Hosting and exhibiting at events is a vital part of the marketing stack. It is also a big investment both in direct costs and staff time. If you don’t have visibility into the business impact your events deliver, it’s easy to err on either side of doing too many and getting questionable value or cutting back at the expense of potential client and revenue growth. The ability to show the value of events allows your team and the company to spend marketing dollars where it makes the most sense.
Today event marketers have the data, tools and expertise to demonstrate how events contribute to accelerating customer relationships and growing the lead pipeline. It hasn’t always been this way. Before we had the means to demonstrate attribution to sales, justifying our presence at events was based mostly on perceived value: the teams were busy, the booth looked great, and people loved the swag. Nice to know, but not a reason to do more events.
My journey to data-driven event marketing started with an “aha” moment I had earlier in my career. I ran a large global field meeting for a major tech company and one year, the leadership decided to cancel all of our events to cut costs. I realized I’d needed to find a way to prove the value of meetings or reinvent myself.
I chose to do the former, and while that decision has paid substantial dividends professionally, it was a tremendous challenge because I had to learn to build the data and analytics “machine” from the ground up. And even though I had gained expertise in building the machine at prior jobs, when I joined Atlassian it took two years to put the data capture process in place and two more to build the data analytics system and attribution models.
Today our models drive insights for both our proprietary events, which serve as our channel to engage existing customers, build brand loyalty and expand their use of our products, and our field marketing events which are 100 percent focused on lead generation and pipeline acceleration. We capture data at our proprietary conferences through beacon tracking, so we can follow customers without having to touch their badge. At our field events, we scan every person we talk to. All of the lead data is uploaded into the event campaign in our CRM system. There, we can track the number of times we touch that lead, the conversations we are having with them, and whether they visit us at other events.
Using this strategy, we can show the effect of those touchpoints on creating marketing qualified leads as well as if it is resulting in pipeline acceleration. We can demonstrate that events have helped influence and deepen customer relationships. We have thousands of conversations going on in the pipeline on any given day and we can show how an in-person meeting at an event brokered a series of conversations and helped accelerate consideration. We don’t take credit for the deal, but we can show that for similar types of sales, customers that attend events move through the funnel more quickly.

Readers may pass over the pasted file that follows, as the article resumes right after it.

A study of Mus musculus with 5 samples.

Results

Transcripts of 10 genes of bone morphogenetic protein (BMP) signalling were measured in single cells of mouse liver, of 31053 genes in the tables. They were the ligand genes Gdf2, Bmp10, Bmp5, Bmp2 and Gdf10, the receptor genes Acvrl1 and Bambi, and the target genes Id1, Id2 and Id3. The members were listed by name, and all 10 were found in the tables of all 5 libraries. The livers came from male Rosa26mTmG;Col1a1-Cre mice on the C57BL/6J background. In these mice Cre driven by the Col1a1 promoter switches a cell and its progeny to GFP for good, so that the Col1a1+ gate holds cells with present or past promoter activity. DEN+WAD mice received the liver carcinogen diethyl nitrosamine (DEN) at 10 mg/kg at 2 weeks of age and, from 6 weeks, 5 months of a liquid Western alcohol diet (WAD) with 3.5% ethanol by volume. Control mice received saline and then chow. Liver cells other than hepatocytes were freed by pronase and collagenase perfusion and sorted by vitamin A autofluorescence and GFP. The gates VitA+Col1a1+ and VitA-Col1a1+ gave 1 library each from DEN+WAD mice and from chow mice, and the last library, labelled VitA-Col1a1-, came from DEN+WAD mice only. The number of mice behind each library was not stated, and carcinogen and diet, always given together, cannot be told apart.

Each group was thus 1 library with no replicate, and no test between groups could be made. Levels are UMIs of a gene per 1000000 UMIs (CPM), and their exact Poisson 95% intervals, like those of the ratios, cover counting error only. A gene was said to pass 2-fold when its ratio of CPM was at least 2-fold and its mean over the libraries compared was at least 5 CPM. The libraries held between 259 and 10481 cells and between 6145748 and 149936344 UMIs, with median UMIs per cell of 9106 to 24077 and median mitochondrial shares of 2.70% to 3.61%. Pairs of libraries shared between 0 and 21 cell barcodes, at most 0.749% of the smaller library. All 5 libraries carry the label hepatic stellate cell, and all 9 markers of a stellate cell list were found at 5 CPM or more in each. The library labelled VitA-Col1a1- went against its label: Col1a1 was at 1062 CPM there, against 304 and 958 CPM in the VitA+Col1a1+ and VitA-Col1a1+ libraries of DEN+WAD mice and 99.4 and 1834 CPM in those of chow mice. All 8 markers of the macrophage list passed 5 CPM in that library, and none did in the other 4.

Having good models and the right analytics platform also allows us to reassess impact dynamically. Our attribution models typically use a 180-day cycle, so we can determine real value of a specific event in that timeframe. We also continually measure effectiveness, so we can shift focus and change our approach to future events based on the outcome and learnings from the one we just did. The system also lets us track relationships and conversations from events over longer time spans. This helps show attribution in extended sales cycles, such as digital transformation or cloud migration projects.
Our process is still somewhat decentralized, because we’re still fairly early in developing these strategies and plans. My team has inherited multiple lead aggregation technologies and for now, we manage our own technology stack vs it being managed by a central IT function. We’ve dedicated one event technology expert to help streamline our stack, a data analyst to help aggregate the data and to build dashboards that help us visualize all of this to help present it to leadership in a meaningful way. This has helped build strong executive support. I haven’t met a CMO yet who didn’t want data to back up marketing decisions, and our insights have been key to determining how to allocate resources to get the best bang for our buck.
As event executives know all too well, companies are always trying to do more with less. Having good event data, attribution models and reporting dashboards can help ensure that “more” is the right event to be doing and “less” is an optimized way to do it. I’m proud of what we’ve accomplished at Atlassian and look forward to seeing our industry make strides in data-driven event marketing.